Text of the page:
Marginal cost is a representation of the costs incurred when additional units of a product are produced. When physical products (such as a steel nail) are produced, the primary cost factors are:
- Labor (the workers who make the nails).
- Physical goods (the raw materials that are turned into nails, plus the machinery required).
- Real estate (expenses involving the factory where the nails are made).
- Transportation (costs incurred for transporting both raw goods and finished products).
Some of these costs are static no matter how many nails are produced. In particular, the cost of physical space is unlikely to change whether the factory produces one nail or one million nails. Manufacturing equipment, once purchased, also becomes a fixed cost, notwithstanding long term wear-and-tear plus the extra electricity needed to keep the machines running.
Other cost factors will fluctuate based on how many units of a product are produced. If you make more nails, you need more raw iron and that iron needs to be shipped to the factory. The completed nails also need to be shipped to hardware stores. Labor costs may go up as well, if more worker hours are required to produce the extra nails.
What Is The Marginal Cost Formula?
To calculate marginal cost, businesses, economists, and market analysts use the following formula:
Marginal Cost = (Change in Costs) / (Change in Quantity)
This produces a dollar amount for each additional unit of a product that is produced.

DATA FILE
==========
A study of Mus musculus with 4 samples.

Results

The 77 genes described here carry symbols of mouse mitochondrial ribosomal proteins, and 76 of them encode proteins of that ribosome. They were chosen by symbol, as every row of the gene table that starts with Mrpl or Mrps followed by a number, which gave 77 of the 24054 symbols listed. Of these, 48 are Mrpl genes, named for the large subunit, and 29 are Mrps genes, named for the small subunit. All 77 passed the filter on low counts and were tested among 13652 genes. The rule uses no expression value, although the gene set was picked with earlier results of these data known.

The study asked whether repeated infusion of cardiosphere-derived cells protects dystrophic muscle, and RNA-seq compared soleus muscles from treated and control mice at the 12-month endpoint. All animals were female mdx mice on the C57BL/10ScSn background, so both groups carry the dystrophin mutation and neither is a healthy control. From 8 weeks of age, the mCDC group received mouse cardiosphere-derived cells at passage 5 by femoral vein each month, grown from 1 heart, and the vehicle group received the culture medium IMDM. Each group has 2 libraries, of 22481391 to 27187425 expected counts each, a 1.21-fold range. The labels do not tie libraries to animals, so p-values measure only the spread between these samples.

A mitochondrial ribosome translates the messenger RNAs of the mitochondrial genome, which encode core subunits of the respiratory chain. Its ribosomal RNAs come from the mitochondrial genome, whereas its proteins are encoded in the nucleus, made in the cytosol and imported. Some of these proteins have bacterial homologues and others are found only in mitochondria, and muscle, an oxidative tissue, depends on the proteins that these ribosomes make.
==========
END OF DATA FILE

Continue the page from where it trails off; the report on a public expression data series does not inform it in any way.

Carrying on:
The change in costs will greatly depend on the scale of production that is already in place. For instance:
- A baker working out of their home kitchen may be able to produce anywhere from one to fifty baguettes without a significant change in costs since they can continue using the same oven in the same room. (Their largest cost increase in going from a single loaf to a 50 loaf production run would be the extra flour, salt, water, and yeast—all quite low as far as raw materials go.)
- However, if the baker wants to scale up to producing hundreds of baguettes, they will probably need to start working in a much larger space than their home kitchen. In this case, increasing the quantity of output will result in a much greater fixed cost, since they will probably have to lease space in a larger facility, and perhaps purchase new equipment.
- Increased production costs do not necessarily indicate diminished total revenue. To the contrary, most businesses lower their per-unit cost of production by increasing their level of output. This ties to the principle of “economies of scale.” As the level of production increases, the average cost per unit produced tends to go down—provided, of course, that there is a sufficient market for consumers willing to purchase your product.
How Is the Marginal Cost Formula Used?
The marginal cost formula is used by economists, particularly those studying microeconomics, to derive data about the costs associated with physical production.
The formula is also routinely employed by businesses wishing to predict the additional cost and, ideally, the additional profit that may stem from increasing their scale of production. Business leaders make production decisions based on whether an increased total production cost will yield increased total profit. By keeping close tabs on the cost of labor, real estate, raw materials, and transportation, business executives can apply the marginal cost formula and make informed decisions about the future of their company.
What Is the Difference Between Marginal Cost and Marginal Product?
The marginal product of a business is the additional output created as a result of additional input placed into the company. In practical terms, this might mean the additional donuts produced at a donut shop once they hire an extra employee, for example, or the additional number of strawberries harvested by a farmer who plants additional seeds.